Wednesday was one for the history books, literally.
Every historical mention of President Trump — and many for the rest of his political career, however long it lasts — will include the fact that the House of Representatives voted to impeach him on two charges: abuse of power and obstruction of Congress. This puts Trump in an exclusive club whose members number three.
The charges, stemming from his attempt to elicit foreign assistance in the 2020 presidential election, then hamper the investigation of it, will remain a blemish, no matter how brightly the economy shines.
But it’s hard to deny that Trump’s impeachment is largely a self-inflicted wound, the result of his mercurial character and a scattershot, self-serving foreign policy.
Trump, who on the evening of his impeachment was joking about the whereabouts of the late Rep. John Dingell of Michigan — a painful and unnecessary slur — is not known for restraint. When questions about his July 25 call to Ukrainian President Volodymyr Zelensky arose, he indulged in insults, misdirection, overheated claims of victimhood and conspiracy theories.
His personal lawyer, Rudy Giuliani, appeared on cable TV with Dadist claims that “truth isn’t truth.” His chief of staff, Mick Mulvaney, in a poorly worded diatribe, boasted about Trump’s attempt to elicit “quid pro quo” assistance from Zelensky and told the press to “Get over it.”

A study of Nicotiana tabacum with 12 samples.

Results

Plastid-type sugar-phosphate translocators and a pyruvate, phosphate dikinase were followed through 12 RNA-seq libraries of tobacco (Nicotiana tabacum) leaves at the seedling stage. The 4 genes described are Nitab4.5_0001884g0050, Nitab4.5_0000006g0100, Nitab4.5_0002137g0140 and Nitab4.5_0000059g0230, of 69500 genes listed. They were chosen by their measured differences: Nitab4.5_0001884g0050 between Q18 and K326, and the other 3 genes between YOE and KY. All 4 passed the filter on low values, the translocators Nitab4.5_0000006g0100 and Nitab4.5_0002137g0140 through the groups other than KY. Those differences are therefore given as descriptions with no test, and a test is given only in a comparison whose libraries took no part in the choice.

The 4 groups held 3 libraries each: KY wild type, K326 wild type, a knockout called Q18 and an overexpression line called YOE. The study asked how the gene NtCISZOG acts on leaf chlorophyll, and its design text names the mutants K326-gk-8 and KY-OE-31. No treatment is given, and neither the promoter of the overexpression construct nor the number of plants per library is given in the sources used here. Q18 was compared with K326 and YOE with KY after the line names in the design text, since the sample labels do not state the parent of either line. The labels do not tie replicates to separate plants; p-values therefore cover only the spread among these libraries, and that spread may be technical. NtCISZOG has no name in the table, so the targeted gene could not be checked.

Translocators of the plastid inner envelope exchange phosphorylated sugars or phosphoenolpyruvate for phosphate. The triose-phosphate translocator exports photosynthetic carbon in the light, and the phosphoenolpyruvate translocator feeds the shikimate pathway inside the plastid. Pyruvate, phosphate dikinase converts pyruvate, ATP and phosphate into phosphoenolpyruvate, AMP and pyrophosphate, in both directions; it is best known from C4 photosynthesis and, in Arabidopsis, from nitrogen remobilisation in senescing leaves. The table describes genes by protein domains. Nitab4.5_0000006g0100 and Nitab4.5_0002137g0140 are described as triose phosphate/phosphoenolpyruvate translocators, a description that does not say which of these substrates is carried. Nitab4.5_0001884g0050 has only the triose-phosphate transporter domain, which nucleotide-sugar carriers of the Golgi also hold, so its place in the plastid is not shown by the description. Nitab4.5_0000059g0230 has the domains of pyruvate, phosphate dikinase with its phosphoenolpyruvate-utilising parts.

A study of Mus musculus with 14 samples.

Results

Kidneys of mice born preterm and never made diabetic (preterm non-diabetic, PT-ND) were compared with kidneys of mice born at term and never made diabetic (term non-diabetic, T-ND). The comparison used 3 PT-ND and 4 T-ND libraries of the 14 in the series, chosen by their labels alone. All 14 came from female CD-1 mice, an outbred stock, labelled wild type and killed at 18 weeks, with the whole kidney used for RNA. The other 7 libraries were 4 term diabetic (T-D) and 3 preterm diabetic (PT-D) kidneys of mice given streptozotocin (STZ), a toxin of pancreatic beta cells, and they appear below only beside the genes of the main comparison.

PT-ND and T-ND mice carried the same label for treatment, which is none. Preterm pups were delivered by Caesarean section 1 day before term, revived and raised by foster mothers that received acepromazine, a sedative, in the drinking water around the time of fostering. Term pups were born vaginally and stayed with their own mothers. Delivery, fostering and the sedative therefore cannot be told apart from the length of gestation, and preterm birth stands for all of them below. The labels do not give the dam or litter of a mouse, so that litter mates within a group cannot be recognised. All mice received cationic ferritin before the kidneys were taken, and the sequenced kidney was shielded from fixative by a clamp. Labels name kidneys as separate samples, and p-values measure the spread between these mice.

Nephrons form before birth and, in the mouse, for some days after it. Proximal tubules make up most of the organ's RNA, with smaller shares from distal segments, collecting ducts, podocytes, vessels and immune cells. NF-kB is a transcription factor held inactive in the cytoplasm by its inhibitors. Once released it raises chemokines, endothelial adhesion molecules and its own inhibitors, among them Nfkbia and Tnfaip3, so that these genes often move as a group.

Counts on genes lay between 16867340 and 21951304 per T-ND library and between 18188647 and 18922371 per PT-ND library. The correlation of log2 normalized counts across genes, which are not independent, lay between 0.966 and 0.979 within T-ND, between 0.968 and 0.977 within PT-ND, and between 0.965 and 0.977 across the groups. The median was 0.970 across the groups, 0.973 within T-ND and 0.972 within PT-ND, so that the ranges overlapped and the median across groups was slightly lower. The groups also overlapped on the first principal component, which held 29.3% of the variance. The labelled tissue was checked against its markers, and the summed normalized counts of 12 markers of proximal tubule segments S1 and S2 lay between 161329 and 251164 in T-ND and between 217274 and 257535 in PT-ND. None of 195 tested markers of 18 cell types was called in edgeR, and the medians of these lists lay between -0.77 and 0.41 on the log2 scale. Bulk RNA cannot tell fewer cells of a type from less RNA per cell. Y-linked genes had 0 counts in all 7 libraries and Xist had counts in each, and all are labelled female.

Trump practically dared Democrats to impeach him. He could likely have avoided one charge, maybe both, by submitting subpoenaed documents and allowing members of his administration to testify before the House.
But by refusing to cooperate, he opened himself to the charge of obstruction — and to still-unanswered questions about just what he’s trying to hide.
House Speaker Nancy Pelosi, on the other hand, showed plenty of restraint, tamping down party malcontents and concentrating on the work at hand — the 400-some bills passed by the House this term (which are now sitting on the Senate’s doorstep) — as long as she could.
But the call to Zelensky had set off alarms with several State Department careerists — and Trump’s own ambassador to the European Union, Gordon Sondland — who thought Trump’s request for “a favor” to investigate “Biden” was a step too far. From the moment a whistleblower contacted a House representative, the die was cast. It would have been entirely irresponsible to ignore the situation.
Democrats have seen the polls. They know that the Senate will not convict. They had nothing to gain politically from impeachment and plenty to lose.
But they acted on principle. However history — and the next election — rewards them, they deserve credit for their political courage. It’s how we wish all of our representatives would behave.
As for the Republicans, having the Senate coordinate Trump’s expected trial with the White House is not a good look. At least they’re honest about their partiality.
Many of the talking points offered by the Republicans — delivered Wednesday at high volume — are simply bogus. If Trump’s impeachment was an attempt to “undo an election,” was Bill Clinton’s? If it was an “attempted coup,” how to reconcile that removing Trump would place Mike Pence in the presidency, not Hillary Clinton?
The worst aspect of the impeachment is that it will likely worsen our angry political divisions. That’s unfortunate.
But unity can’t be achieved by abandoning moral principles or embracing falsehoods.
With or without Trump, we’ve got to find our way back to personal decency and the constitutional principles that truly made America great.